As I sat writing my first piece of the day this morning, the warm and bouncy opening bars of Oh! You Pretty Things danced upon the airwaves and I felt the sort of sadness you feel physically yet you can’t explain where or how or what it really is. That odd lurch when your perspective shifts in an instant. The weird and intangible feeling when you turn the last page of a book and suddenly miss that character whose life you lived over the preceding days or weeks. You didn’t know them; they probably don’t even exist, but each night you settle into the comfortable familiarity of their voice and they take a place, however fleeting, in your life. The simple fact of not knowing someone doesn’t mean they cannot leave a hole in your life.
One of my favourite quotes about David Bowie is from Caitlin Moran’s ’10 Things Every Girl Should Know’ and it goes as follows, “In 1968, Bowie was a gay, ginger, bonk-eyed, snaggle-toothed freak walking around south London in a dress, being shouted at by thugs. Four years later, he was still exactly that – but everyone else wanted to be like him, too.”
David Bowie didn’t change, the world changed around him. For every weirdo and outcast, for everyone who struggled with their identity, for everyone who didn’t fit the mould, Bowie represented, and continues to represent, acceptance.
Whilst someone is still here, their mere presence on this earth reinforces the changes they’ve brought; it’s still happening because they’re here to keep the flame lit. When they’re gone, in an instant it can feel like it’s all over and that their influence will become just another part of history. We worry that it will all slip away and the world will reset to the point just before they changed it all. But rather than simply forming a bittersweet memory, such impact can and does become a thread of energy we can continue to weave into the days when we’re no longer graced by their shadow.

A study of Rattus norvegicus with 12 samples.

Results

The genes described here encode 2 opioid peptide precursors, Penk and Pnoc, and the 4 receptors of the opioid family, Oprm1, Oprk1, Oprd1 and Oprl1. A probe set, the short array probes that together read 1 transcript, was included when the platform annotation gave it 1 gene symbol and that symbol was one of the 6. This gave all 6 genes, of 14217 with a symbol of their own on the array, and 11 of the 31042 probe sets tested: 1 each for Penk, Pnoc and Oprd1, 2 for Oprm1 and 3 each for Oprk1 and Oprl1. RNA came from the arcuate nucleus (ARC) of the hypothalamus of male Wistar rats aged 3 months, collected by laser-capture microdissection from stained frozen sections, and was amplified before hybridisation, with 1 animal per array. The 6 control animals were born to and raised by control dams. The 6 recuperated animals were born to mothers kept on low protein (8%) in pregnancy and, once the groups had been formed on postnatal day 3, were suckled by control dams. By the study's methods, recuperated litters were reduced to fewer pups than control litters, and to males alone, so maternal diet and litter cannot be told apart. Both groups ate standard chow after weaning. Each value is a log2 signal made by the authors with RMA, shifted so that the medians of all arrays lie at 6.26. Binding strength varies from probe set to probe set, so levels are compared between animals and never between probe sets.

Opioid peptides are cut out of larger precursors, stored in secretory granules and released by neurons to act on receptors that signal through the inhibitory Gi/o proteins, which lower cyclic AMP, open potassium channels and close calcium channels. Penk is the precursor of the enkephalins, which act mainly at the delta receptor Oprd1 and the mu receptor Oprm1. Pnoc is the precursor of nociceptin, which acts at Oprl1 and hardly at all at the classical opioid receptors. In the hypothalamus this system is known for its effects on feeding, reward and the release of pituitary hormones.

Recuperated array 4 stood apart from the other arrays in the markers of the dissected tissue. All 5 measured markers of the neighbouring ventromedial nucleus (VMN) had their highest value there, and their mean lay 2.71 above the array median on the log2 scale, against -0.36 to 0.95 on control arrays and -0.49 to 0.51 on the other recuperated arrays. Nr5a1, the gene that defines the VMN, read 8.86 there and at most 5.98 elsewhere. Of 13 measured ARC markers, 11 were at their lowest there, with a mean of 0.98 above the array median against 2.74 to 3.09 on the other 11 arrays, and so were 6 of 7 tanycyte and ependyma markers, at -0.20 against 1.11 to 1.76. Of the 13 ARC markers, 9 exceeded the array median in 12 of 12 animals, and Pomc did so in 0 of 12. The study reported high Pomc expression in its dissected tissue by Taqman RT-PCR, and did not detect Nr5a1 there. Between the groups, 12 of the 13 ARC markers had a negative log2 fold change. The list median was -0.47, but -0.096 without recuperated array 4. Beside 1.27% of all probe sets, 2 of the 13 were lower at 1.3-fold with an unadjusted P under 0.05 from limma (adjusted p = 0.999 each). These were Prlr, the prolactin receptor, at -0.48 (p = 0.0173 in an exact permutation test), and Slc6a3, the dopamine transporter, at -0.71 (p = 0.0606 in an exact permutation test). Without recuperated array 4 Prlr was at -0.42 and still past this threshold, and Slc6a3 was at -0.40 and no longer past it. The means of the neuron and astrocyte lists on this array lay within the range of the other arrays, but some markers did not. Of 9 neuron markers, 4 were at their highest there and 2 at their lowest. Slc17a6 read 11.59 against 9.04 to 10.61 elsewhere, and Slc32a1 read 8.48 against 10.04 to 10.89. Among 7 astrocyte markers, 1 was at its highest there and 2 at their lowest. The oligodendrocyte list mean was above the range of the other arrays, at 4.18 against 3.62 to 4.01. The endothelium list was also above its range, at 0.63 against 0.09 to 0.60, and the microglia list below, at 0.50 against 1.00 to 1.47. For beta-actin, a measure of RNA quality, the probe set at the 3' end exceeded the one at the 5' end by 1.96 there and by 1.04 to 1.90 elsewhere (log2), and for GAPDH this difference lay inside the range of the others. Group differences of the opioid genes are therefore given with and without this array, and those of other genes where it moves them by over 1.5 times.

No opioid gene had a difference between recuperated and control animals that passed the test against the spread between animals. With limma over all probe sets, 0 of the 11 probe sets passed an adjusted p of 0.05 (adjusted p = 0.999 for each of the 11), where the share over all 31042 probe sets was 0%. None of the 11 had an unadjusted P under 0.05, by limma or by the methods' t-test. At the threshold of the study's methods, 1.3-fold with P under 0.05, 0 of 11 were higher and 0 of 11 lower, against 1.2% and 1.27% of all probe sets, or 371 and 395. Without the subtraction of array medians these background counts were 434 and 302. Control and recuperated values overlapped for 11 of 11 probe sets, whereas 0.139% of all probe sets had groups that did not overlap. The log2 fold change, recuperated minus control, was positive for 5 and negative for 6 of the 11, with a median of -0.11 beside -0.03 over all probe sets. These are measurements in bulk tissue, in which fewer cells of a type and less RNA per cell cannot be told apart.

I was born too late to experience Bowie in his glorious early days but it’s clear, not just from my own admiration and appreciation, but from the sheer span of tributes pouring in, that his appeal has no expiry date. His creativity transcends generations, permeating our collective consciousness in a way only a magical few can. Some may say ‘you’re too young to really understand’, and I get that it’s difficult to truly appreciate that wonderful frenzied feeling that only comes when someone bounds onto the scene who is everything you’ve been looking for without even knowing it. But feeling different and misunderstood is a universal experience, and the weight of Bowie’s influence truly shines through in the fact that people still feel it decades later.
Upon hearing the news, one of my first thoughts was how sad it is that my nieces and nephews didn’t get to experience David Bowie whilst he was still alive. (I realise that I didn’t either, to the full extent, but there’s something about sharing the same planet at the same time that makes you feel more of a part of something.) But then I settled upon the comforting thought that someone so important doesn’t simply stop being important after they’ve gone. In fact, he now becomes even more important as we scramble to preserve and document everything he ever made us feel, grappling with the fact that his creative output has become finite. We treasure it more fiercely and pass it on more freely in order to ensure it doesn’t get lost or forgotten.
His body of work and his enormous influence is there for us to pull from and build upon whenever we wish. He has left more than he has taken away.